The Real Story Behind Princess Diana’s Engagement Ring
As Season 4 of The Crown begins, we take a closer look at the sapphire and diamond jewel worn by generations of royals.
Princess Diana’s engagement ring is arguably one of the world's most recognized pieces of jewelry. The large central sapphire surrounded by diamonds is an iconic part of royal jewelry history, and it's about to take a starring role on the small screen, too. Season 4 of The Crown covers the time period between 1977 and 1990, which of course includes the relationship between Prince Charles (Josh O'Connor) and the late Princess Diana (Emma Corrin), so we expect the ring to be a scene-stealer in its own right. But, as is often the case with dramas based on real events, how much of it will stay true to life? As the long-awaited latest season begins this weekend, we look back at the real story behind Princess Diana’s engagement ring.
When Prince Charles asked a 19-year-old Lady Diana to marry him in 1981, he selected a few rings from the then crown jewelers Garrard for her to choose from. Within this small number was the Marguerite ring — a 12-carat oval blue Ceylon sapphire surrounded by 14 diamonds, set on an 18-karat white gold band.
As we now know, this is the ring Princess Diana selected. However, the choice is rumored to have ruffled a few feathers. Rather than raiding the royal family’s jewelry collection (which was customary at the time), Prince Charles purchased the engagement ring from a stock collection, meaning that it wasn’t a bespoke design, and any member of the public could also purchase the ring (if they had a cool £47,000 lying around, of course).
Prince Charles is said to have been drawn to select the Garrard ring, as it was similar to a sapphire and diamond brooch that was given to Queen Victoria by Prince Albert, as a present for his soon-to-be bride. Prince Albert commissioned Garrard to create the brooch in 1840, and Queen Victoria “found she loved it so much that she decided to wear it on her wedding day as her something blue on the front of her dress,” Sara Prentice, Garrard’s current creative director, told Vogue.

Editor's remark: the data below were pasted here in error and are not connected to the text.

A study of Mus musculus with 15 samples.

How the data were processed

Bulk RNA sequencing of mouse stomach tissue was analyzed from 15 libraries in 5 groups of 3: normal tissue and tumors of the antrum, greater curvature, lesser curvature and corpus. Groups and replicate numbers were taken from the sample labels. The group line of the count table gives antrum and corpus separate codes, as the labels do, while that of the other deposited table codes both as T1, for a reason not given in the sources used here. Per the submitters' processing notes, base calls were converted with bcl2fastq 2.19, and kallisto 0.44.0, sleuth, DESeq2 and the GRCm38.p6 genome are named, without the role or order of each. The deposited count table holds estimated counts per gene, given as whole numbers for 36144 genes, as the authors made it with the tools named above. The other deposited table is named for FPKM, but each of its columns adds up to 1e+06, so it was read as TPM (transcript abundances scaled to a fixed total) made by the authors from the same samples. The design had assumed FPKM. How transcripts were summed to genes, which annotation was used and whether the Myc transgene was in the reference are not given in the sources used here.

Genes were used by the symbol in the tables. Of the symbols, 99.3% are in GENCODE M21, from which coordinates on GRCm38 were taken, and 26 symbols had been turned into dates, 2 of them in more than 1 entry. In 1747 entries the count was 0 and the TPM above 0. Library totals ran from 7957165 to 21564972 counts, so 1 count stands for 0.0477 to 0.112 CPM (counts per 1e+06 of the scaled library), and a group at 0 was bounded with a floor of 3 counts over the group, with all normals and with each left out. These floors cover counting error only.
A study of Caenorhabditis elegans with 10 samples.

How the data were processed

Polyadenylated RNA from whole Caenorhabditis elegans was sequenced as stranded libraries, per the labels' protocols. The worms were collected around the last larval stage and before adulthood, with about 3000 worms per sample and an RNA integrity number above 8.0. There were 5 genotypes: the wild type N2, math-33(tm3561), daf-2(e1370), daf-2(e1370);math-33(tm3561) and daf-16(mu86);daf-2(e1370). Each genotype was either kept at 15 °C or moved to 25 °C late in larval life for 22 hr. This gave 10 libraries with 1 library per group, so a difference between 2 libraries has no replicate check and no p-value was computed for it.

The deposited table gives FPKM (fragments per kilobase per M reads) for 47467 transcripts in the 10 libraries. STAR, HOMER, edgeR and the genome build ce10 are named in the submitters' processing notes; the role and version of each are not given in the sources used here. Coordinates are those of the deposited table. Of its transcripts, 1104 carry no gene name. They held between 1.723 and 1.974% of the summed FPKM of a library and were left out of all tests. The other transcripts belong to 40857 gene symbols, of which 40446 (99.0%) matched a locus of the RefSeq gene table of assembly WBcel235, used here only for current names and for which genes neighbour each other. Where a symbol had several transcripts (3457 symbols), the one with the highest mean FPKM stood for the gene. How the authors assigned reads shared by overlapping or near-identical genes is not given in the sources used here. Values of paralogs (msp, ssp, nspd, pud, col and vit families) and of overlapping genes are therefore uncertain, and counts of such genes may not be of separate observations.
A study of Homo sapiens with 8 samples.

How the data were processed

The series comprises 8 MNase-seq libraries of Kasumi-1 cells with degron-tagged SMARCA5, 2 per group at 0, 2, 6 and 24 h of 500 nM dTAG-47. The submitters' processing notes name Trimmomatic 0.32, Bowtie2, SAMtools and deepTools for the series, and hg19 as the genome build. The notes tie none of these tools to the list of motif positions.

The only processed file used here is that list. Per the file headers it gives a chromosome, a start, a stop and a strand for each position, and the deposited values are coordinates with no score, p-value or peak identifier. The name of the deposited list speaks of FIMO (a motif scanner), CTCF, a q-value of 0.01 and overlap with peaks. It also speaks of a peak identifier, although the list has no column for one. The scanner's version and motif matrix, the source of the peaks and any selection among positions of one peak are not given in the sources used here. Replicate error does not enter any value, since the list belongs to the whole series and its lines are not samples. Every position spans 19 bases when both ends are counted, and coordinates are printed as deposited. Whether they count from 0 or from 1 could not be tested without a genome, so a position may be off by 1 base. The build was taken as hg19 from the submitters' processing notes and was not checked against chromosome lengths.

Over her 63-year reign, Queen Victoria amassed a grand collection of jewels. Yet she returned to the sapphire brooch time and time again, wearing it up until Albert’s death in 1861. Albert, Prentice said, had a particular fondness for the blue stone, too.
Victoria left the brooch to the Crown in her will, meaning that the heirloom will always belong to the reigning monarch, and it seems Queen Elizabeth is just as enamored with it. The queen has been seen wearing it on many high-profile occasions, including Prince William’s christening in 1982 and when she met with President John F. Kennedy in 1961.
“[The brooch] was said to be a strong influence on Prince Charles when he came to Garrard to purchase a ring for Lady Diana,” Prentice said. “I would imagine growing up being surrounded by your mother and your grandmother [with] such beautiful, incredible jewelry ... it would stick with you.”
At the time, there were various unconfirmed suggestions as to why Diana chose the ring: because it was the largest and most expensive or because it reminded her of one of her mother’s rings. Whatever drew her to it initially, it was clear that she loved it, as she continued to wear the ring long after her divorce from Prince Charles.
After Diana’s untimely death in 1997, the ring was returned to the royal family. Both William and Harry inherited a piece each from their mother’s personal jewelry collection, with William choosing a Cartier Tank watch and Harry choosing the engagement ring. How, then, did it end up on Kate Middleton’s hand?
In the Amazon Prime documentary The Diana Story, Diana's butler Paul Burrell claimed that Harry had originally chosen the Ceylon sapphire ring, telling him at the time: “I remember when I held mummy's hand when I was a small boy, and that ring always hurt me because it was so big.”
The brothers are rumored to then have swapped heirlooms, due to a reported (unconfirmed) agreement that whichever brother was to be engaged first should have the ring. When William was set to propose to Kate in 2010, according to Burrell, Harry told William: “Wouldn’t it be fitting if she had mummy’s ring? Then one day that ring will be sat on the throne of England.” (We’re not crying, you’re crying.)
“It’s my mother’s engagement ring, and it’s very special to me, as Kate is very special to me now as well. It was only right the two were put together,” Prince William told ITV’s Tom Bradby when the engagement was announced. “It was my way of making sure mother didn’t miss out on today and the excitement and the fact that we’re going to spend the rest of our lives together.”
Prince Harry still ensured that Diana was part of his proposal to Meghan Markle in 2017. Designing Meghan’s engagement ring himself, he used two diamonds from his mother’s collection and one from Botswana, where he does a lot of charity work and where the couple had spent some time. Soon after Prince Harry proposed, Cleave & Company, which made Meghan's engagement ring, announced that no replicas would be made — making sure that unlike Princess Diana's, the ring design would remain exclusive to the royals.
The Duchess of Sussex was also gifted Diana's famous emerald-cut aquamarine ring by Prince Harry on their wedding day. And it seems she inherited the Cartier Tank watch originally chosen by Prince William, too, which she is reportedly wearing in the couple's latest portrait captured by photographer Matt Sayles, per The Independent.